Antique Alley along Route 4 in New Hampshire.
28 miles of antique shops. 28. Miles. of. antiques.
That's a whole lot of stuff to look at.
But we were ready. We were full of breakfast and ready to spend.
Antiquing is not for the faint of heart.
Most shops deal with clutter issues. And by issues, I mean,
sometimes there is so very much in the shop that you cannot
focus your eyeballs on any one thing.
Several times we had to take breathers.
Sometimes you walk into a shop and immediately cry "uncle".
Because you just can't take it all in.
But then other times a corner of blue catches your eye and
you wade your way in and find that special little piece of something
that your mantel has been crying out for.
When we are antiquing, we will call out across the store,
"Mom, come look at this!" or "Jenny, here is some more Cape Cod."
Cape Cod is a type of pressed glass that Jenny collects.
Or I'll call out, "Traci, here is your depression glass."
And almost always, I am wrong. I have bought several wrong pieces
of depression glass for Traci, my sister-in-law, but she is always
gracious and doesn't hold my faults against me.
We started out with an empty car and by the end of our trek
had picked up a manual typewriter, a quilt, some Cape Cod, of course,
and even a dresser. And when we were done...we were done.
We embarked on a celebratory dinner at Johnsons Steak and Seafood.
A roadside diner that beckoned us with its loaded parking lot and
a sign that said "dairy bar". The sign had a giant lobster suspended
over a giant ice cream cone. That ice cream cone was the clincher.
We headed inside and sat down for a scrumptious dinner.
Haddock, steak tips and warm fresh baked bread.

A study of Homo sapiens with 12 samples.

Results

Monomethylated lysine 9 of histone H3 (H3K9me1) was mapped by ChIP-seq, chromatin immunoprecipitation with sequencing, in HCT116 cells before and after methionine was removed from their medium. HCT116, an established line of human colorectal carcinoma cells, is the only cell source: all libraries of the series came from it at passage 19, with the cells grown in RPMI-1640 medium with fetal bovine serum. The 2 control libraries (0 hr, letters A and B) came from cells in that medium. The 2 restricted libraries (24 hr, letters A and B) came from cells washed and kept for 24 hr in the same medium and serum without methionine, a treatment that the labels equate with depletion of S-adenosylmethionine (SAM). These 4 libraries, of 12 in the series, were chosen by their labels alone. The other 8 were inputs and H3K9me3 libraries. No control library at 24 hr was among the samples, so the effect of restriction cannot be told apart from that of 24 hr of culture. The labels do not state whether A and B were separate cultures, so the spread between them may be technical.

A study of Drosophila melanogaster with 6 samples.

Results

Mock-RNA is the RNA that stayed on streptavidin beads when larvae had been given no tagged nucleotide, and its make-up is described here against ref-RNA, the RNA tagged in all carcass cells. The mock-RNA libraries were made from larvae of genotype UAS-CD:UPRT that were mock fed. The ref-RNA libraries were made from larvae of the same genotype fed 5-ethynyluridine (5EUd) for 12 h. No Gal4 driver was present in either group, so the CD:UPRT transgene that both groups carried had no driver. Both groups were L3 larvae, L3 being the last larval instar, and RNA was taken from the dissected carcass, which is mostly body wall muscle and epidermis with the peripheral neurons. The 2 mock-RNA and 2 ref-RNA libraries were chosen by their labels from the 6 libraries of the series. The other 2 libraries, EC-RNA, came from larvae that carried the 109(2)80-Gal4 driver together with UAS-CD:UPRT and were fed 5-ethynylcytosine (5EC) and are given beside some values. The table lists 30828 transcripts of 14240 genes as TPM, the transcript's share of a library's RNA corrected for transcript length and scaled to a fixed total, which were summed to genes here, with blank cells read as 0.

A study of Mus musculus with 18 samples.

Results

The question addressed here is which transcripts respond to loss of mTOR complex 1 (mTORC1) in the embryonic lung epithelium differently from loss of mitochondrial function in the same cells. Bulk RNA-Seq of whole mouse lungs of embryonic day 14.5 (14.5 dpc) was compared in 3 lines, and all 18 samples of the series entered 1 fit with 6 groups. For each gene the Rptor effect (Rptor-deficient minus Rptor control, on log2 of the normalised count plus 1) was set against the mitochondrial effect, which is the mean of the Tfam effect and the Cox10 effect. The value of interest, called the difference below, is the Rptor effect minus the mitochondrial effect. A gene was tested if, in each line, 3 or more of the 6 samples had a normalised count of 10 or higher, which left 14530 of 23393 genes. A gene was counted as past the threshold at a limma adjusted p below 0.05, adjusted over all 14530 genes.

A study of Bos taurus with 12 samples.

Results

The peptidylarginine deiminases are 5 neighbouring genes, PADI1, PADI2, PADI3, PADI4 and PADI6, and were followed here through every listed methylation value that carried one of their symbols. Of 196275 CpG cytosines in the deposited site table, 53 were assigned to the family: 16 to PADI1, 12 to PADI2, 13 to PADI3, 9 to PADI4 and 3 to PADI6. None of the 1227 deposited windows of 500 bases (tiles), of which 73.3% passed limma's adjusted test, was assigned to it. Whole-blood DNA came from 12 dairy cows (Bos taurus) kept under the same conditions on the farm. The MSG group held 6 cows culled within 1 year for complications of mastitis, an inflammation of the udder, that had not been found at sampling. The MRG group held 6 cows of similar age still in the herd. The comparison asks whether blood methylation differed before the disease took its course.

The portions were rather large, in keeping with our monumental
breakfasts. But we saved space for the dairy bar.
Because we don't mess around when it comes to ice cream.
Apparently, neither does Johnsons.
Because those ice cream scoops where the size of a small child's head.
We ordered kiddie scoops, people. And when they handed me my scoop of
Rocky Road loveliness all I could say was,
"Do you have a kiddie kiddie scoop?"
After the first bite, we all dug in with renewed vigor because it was truly
scrumptious stuff. I can guarantee you that there was high butter fat content.
Jenny, Traci and I began to taper off toward the end.
I already told you that my stomach had taken issue with the waist band of my pants.
They were not getting along as they should.
But Mom and Erica looked at us in disdain.
They were not about to let a single drop of that creamy goodness go to waste.
They did themselves proud. They finished their mammoth scoops in triumph.
Erica gave Mom a high five. And then they took their picture beneath
the giant ice cream sign. Because they could.
They had finished what they started. It was a grand ice cream moment.
We climbed back in the car to head back to the b&b.
And it wasn't but 5 minutes later that we began to hear the moaning.
It began softly and was intermitently mingled
with a huffing of deep breaths as if maybe a little bit of deep breathing
could relieve some of the pressure of all that glorious butter fat
that had found its way into Mom and Erica's tender tummys.
The joy of the giant Johnson's cone was quickly coming to an end.
We're not sure if it was the seat belts cutting into the over full stomachs,
the jouncing on the poorly paved route or the realization the stomach
can not fully contain a Johnsons kiddie scoop of ice cream,
but Mom turned to Erica and said,
"Have you ever heard the saying Pride goeth before the fall?"
To which Erica answered back,"Mom, I take back my high five."
And I can't lie, this gave me a little bit of the giggles.
Not that I enjoyed them being in pain. But they were so giddy over
their ice cream completion just moments before.
You could see the glee on their faces. Just look at that picture.
That is ice cream pride at it's finest.
And all too soon it came crashing down.
For the rest of the trip, all we had to do was mention "ice cream"
and Mom and Erica would begin the deep breathing again.
Even now as I'm typing, I feel a little giggle brewing.
But I don't judge them. No, I don't.
Because even now I'm dreaming of Johnsons.
I don't know when I will ever find my way back to New Hampshire
but you know if I do, I will surely be skipping dinner
and going in search of a Johnson's kiddie scoop.
And then I am going to have my picture taken beneath the sign.